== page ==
Watching FADING GIGOLO the new movie written, directed by, and starring John Turturro, is like joining a crazy conversation in progress– and trying to catch up. Woody Allen plays an old bookseller named Murray– who is closing up shop, but is hardly out of ideas. In fact, he’s got a dilly: he’s pitching his friend Fioravante (Turturro) an interesting proposition suggested by his very wealthy dermatologist (Sharon Stone); she’s interested in a menage a trois with her girlfriend played by Sofia Vergara. Murray thinks Fioravante is the right guy for the job– and maybe they could make a little money on the side. Turturro apparently has many skills– he’s also sold books, is a part time florist, and may know something about plumbing– and women.
Allen lives with an African-American woman and her kids who call him “Uncle Mo”; when one of the little boys gets lice they contact a “lice lady,” who happens to be a Hasidic Jew–a widow named Avigal with six children and is played by the lovely French actress Vanessa Paradis. She is silently loved by the local community guardian played by Liev Shreiber in Hasidic garb and long curls on either side of his head called payess. Allen decides the lonely Avigal could also benefit from a meeting with Fioravante– who promptly falls in love with her.
Are you with me– because I wasn’t sure where I was. The insane plot reminded me of a Shakespearean comedy where odd characters couple up in the forest of Arden and romantic roundelays are propelled by the fizz of incandescent poetry. Here, Manhattan is the alchemical wood wherein strange bedfellows meet, and this world is infused with sex. I was almost driven nuts by the randomness of events, the unexplained relationships, and Woody’s twitching and slurring– his comic timing has lapsed for sure– though there was also something familiar and comfortable about his character’s relentlessness in the face of time.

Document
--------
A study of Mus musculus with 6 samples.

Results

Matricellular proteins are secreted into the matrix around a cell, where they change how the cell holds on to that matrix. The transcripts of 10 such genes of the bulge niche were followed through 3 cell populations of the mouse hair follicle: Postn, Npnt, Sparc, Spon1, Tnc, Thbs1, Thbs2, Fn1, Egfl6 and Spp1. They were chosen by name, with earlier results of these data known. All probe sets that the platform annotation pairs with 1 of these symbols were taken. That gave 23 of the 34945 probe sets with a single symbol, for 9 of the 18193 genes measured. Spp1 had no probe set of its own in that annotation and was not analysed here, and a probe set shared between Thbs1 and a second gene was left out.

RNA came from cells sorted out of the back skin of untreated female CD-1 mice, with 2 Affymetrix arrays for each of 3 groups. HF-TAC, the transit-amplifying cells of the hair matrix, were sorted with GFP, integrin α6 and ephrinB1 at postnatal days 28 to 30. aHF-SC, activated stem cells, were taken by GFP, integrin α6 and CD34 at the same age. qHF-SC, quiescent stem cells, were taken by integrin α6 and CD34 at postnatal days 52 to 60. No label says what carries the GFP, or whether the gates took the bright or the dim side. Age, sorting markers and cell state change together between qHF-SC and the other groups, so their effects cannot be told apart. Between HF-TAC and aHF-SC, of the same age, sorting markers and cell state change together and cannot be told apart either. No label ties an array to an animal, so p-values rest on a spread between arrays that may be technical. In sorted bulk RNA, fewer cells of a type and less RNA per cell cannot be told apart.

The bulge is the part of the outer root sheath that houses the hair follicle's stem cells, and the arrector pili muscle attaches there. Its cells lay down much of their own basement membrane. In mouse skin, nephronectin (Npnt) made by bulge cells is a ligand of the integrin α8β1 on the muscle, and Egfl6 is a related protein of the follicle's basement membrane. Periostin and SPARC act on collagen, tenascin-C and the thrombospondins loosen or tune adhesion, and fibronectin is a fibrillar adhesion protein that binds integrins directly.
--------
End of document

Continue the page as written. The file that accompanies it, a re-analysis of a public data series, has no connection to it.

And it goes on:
Which brings me to John Turturro. By some miracle his character Fioravante (which in Italian literally means “flower in front,”) is in full bloom. He is the grandest and most startling character here. He is not beautiful, but he is as sexy as hell and I’m not sure how he does it; I could not take my eyes off him. His gaze is cocksure, his confidence haunting, his gentleness gets under your skin. When he slowly and deliberately takes Sharon Stone’s brittle dermatologist by the waist and dances with her in her penthouse in broad daylight, we know she is in good hands.
He is also up to the fiery Vergara, as she leads him in a salsa around her apartment. But most enchanting of all, we know he will have his heart broken by the fragile Avigal. Turturro’s and Paradis’ initial simple scene together is a beauty — the camera and Turturro take their time, lingering over her back as he barely touches her there, close up on her delicate features crumpling from the seismic shock.
Comic relief comes too when Murray, kidnapped by Jewish elders, is put on trial, and Bob Balaban pops in as Murray’s lawyer. It’s an hilarious scene that makes explicit the cultural load Avigal– and all of us carry one way or another, a load that Fioravante has ever so tenderly lightened, and at some risk to his own heart. What does it all mean? That where there is love there is also sorrow? True enough. And the film is a bittersweet idyll that allows us to take some comfort and pleasure in watching a fading gigolo as willing as Fioravante–to ignite passion and pursue life in full flower.